Drugs & Aging

, Volume 24, Issue 2, pp 107–119

Vaccination Strategies for Alzheimer’s Disease

A New Hope?


    • School of Medicine, NeuroRepair GroupUniversity of Tasmania
  • Tracey C. Dickson
    • School of Medicine, NeuroRepair GroupUniversity of Tasmania
  • James C. Vickers
    • School of Medicine, NeuroRepair GroupUniversity of Tasmania
Leading Article

DOI: 10.2165/00002512-200724020-00003

Cite this article as:
Woodhouse, A., Dickson, T.C. & Vickers, J.C. Drugs Aging (2007) 24: 107. doi:10.2165/00002512-200724020-00003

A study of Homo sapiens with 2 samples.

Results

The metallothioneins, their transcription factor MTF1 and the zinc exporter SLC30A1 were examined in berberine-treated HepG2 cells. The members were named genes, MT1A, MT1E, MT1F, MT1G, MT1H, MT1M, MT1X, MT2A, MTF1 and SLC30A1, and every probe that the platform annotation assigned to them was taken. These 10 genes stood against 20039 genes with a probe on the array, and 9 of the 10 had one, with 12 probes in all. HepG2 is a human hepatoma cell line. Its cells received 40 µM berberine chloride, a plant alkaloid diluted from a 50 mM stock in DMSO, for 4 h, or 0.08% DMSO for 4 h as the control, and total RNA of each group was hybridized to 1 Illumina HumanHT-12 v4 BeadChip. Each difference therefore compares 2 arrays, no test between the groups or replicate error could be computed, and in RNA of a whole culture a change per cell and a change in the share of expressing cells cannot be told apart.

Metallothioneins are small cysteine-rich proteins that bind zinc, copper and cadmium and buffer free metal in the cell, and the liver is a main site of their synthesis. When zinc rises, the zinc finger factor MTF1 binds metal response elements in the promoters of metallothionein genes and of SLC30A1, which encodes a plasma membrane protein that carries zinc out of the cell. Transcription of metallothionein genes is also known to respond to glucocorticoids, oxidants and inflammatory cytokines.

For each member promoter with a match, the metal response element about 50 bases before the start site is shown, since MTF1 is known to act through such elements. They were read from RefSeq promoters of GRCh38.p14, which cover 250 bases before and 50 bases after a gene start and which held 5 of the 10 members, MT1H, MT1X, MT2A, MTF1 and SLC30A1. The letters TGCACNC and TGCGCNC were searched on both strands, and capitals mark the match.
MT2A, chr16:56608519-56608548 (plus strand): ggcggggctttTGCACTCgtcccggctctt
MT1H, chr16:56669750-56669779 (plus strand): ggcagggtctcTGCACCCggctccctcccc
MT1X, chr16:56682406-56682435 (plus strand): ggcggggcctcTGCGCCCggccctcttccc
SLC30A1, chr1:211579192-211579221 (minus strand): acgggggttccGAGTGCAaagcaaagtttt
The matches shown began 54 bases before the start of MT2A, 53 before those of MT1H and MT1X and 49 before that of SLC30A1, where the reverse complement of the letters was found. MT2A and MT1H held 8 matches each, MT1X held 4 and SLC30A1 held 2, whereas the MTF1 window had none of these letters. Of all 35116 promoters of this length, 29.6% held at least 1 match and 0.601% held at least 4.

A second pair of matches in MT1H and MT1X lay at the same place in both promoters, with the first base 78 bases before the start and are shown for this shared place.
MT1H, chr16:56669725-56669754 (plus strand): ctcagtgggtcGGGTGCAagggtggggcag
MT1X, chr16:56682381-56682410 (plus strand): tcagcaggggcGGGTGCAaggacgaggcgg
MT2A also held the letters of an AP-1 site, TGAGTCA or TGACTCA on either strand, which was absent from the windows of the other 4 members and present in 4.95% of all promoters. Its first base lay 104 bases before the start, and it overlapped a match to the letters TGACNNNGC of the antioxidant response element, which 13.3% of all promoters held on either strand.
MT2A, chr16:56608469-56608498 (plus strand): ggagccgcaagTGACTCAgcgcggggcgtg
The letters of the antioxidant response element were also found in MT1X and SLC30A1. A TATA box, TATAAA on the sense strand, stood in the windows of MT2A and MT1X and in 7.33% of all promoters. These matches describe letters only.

The pathological hallmarks of Alzheimer’s disease (AD) include β-amyloid (Aβ) plaques, dystrophic neurites and neurofibrillary pathology, which eventually result in the degeneration of neurons and subsequent dementia. In 1999, international interest in a new therapeutic approach to the treatment of AD was ignited following transgenic mouse studies that indicated that it might be possible to immunise against the pathological alterations in Aβ that lead to aggregation of this protein in the brain. A subsequent phase I human trial for safety, tolerability and immunogenicity using an active immunisation strategy against Aβ had a positive outcome. However, phase ILA human trials involving active immunisation were halted following the diagnosis of aseptic meningoencephalitis in 6% of immunised subjects. Research into immunisation strategies involving transgenic AD mouse models has subsequently been refocused to determine the mechanisms by which plaque clearance and reduced memory deficits are attained, and to establish safer therapeutic approaches that may reduce potentially harmful brain inflammation. The vigour of international research on immunotherapy for AD provides significant hope for a strong therapeutic lead for the escalating number of individuals who will develop this otherwise incurable condition.